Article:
Twitter, Facebook to remove false claims about COVID-19 vaccinations
acebook and Twitter gear up to fight misinformation on their platforms.
Twitter announced that it would start removing misleading information about COVID vaccines
Facebook too said that it will remove false claims about the vaccines in the coming weeks.
As several countries approve COVID vaccines, Facebook and Twitter gear up to fight misinformation on their platforms. Twitter on Wednesday announced that it would start removing misleading information about COVID vaccines and label potentially harmful tweets. Facebook too said that it will remove false claims about the vaccines in the coming weeks.
Announcing its plans to combat misinformation, Twitter said in a blog, “Starting next week, we will prioritize the removal of the most harmful misleading information, and during the coming weeks, begin to label Tweets that contain potentially misleading information about the vaccines. In the context of a global pandemic, vaccine misinformation presents a significant and growing public health challenge — and we all have a role to play. We are focused on mitigating misleading information that presents the biggest potential harm to people’s health and wellbeing. Twitter has an important role to play as a place for good-faith public debate and discussion around these critical public health matters.”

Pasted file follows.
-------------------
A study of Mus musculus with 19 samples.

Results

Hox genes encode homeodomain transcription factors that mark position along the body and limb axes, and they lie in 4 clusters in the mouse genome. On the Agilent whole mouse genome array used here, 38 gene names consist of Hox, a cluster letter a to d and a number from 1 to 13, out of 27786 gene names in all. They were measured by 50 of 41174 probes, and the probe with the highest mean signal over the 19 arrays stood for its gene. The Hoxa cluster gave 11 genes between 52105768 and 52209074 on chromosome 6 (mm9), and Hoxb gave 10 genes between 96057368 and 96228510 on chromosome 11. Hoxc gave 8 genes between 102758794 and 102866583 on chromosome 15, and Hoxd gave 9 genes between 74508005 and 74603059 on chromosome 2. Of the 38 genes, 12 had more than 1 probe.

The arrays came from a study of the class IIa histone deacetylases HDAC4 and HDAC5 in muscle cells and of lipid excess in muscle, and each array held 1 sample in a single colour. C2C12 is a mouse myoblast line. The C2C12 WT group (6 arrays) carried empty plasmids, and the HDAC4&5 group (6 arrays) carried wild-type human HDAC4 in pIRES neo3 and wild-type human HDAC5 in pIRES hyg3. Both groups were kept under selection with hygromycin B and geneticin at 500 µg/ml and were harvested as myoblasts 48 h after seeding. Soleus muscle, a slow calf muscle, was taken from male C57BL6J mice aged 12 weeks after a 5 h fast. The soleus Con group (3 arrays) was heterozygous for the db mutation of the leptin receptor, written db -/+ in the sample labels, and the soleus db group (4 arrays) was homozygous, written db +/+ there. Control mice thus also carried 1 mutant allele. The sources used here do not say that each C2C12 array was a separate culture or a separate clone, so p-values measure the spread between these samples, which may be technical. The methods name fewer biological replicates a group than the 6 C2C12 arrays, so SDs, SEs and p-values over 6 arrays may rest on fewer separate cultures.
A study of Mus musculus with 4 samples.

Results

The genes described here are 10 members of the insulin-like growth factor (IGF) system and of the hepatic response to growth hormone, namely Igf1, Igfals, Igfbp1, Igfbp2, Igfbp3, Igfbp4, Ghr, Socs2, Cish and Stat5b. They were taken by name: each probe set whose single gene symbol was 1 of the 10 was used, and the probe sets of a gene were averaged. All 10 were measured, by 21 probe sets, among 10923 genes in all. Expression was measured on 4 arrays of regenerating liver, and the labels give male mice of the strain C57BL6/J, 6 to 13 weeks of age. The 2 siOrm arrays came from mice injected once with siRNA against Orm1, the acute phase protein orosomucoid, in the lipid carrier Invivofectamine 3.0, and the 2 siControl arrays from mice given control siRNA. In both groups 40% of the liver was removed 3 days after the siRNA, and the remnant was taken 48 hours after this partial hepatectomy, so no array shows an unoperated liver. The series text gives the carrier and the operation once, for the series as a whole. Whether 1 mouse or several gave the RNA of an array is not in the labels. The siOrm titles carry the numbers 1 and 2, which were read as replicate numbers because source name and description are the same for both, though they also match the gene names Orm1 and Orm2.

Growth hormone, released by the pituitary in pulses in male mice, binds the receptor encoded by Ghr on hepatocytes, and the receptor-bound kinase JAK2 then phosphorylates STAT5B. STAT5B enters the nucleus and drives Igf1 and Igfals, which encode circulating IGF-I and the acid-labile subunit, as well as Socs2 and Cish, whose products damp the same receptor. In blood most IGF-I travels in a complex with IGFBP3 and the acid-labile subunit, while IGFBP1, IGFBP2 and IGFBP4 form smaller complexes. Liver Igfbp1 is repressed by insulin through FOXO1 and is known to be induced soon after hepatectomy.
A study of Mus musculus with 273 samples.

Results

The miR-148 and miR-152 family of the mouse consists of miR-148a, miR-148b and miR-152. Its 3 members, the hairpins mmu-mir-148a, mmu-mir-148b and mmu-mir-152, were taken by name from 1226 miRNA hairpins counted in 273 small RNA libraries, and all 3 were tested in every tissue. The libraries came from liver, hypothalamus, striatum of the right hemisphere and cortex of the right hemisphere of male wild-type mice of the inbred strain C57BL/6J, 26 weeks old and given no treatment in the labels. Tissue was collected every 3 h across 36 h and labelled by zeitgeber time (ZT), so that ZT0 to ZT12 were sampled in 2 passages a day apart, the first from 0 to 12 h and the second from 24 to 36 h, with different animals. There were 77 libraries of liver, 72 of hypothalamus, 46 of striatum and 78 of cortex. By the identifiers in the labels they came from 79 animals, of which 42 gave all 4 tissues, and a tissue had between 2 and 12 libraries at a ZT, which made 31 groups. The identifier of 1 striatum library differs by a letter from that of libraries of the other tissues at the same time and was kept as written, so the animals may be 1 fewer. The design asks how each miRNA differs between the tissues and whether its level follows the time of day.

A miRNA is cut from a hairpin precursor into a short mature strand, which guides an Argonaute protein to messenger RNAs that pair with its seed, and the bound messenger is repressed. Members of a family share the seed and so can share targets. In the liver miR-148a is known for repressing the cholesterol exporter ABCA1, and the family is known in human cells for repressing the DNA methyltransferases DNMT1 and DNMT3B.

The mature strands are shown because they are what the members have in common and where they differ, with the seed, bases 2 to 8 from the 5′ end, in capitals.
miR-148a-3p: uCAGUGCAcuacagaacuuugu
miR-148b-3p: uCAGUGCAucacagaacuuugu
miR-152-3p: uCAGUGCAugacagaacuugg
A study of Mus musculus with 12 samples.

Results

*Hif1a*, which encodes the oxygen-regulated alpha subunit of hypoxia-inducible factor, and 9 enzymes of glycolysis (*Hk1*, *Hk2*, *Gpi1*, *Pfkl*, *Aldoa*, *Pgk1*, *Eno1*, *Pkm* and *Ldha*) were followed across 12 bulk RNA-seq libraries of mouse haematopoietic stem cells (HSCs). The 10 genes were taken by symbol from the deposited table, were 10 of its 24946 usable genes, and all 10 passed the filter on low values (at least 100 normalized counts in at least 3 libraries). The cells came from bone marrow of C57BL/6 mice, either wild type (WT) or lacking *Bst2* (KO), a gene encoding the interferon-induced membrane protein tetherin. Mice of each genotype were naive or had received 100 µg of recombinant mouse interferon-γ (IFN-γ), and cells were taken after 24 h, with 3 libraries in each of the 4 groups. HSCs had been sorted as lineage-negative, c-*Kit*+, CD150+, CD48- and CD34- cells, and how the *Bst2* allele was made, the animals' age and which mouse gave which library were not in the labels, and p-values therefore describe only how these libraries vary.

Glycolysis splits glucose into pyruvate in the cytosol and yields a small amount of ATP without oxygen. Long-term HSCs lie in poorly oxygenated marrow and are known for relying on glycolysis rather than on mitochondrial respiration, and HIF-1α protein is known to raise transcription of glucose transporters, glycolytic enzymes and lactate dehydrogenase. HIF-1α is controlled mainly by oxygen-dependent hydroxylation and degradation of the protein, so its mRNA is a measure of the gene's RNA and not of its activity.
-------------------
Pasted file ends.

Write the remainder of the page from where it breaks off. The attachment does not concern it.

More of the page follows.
Twitter said that it would especially remove tweets that would carry false information about the nature of the virus, tweets about preventative measures, treatments, or other precautions to mitigate or treat the disease, tweets about the restrictions regulations, or exemptions pertaining to health advisories and prevention of the disease.
In the coming weeks, Twitter will remove false claims that suggest that the vaccines are used to intentionally cause harm to or control populations, including statements about vaccines that invoke a deliberate conspiracy. False claims about the vaccinations being unnecessary will be removed too.
Facebook too had announced similar measures to combat misinformation related to COVID vaccines. “Given the recent news that COVID-19 vaccines will soon be rolling out around the world, over the coming weeks we will start removing false claims about these vaccines that have been debunked by public health experts on Facebook and Instagram. For example, we will remove false claims that COVID-19 vaccines contain microchips or anything else that isn’t on the official vaccine ingredient list,” Facebook had said in a statement.
As far as vaccines are concerned, Singapore became the third country to approve the COVID-19 vaccine developed by American pharmaceutical company Pfizer and German firm BioNTech. The first country to approve the vaccine was the United Kingdom, followed by Canada. The vaccine was approved by US regulators that claimed that the vaccine is 95 percent effective. So far the vaccine has been authorized for use on people who are aged 16 and above.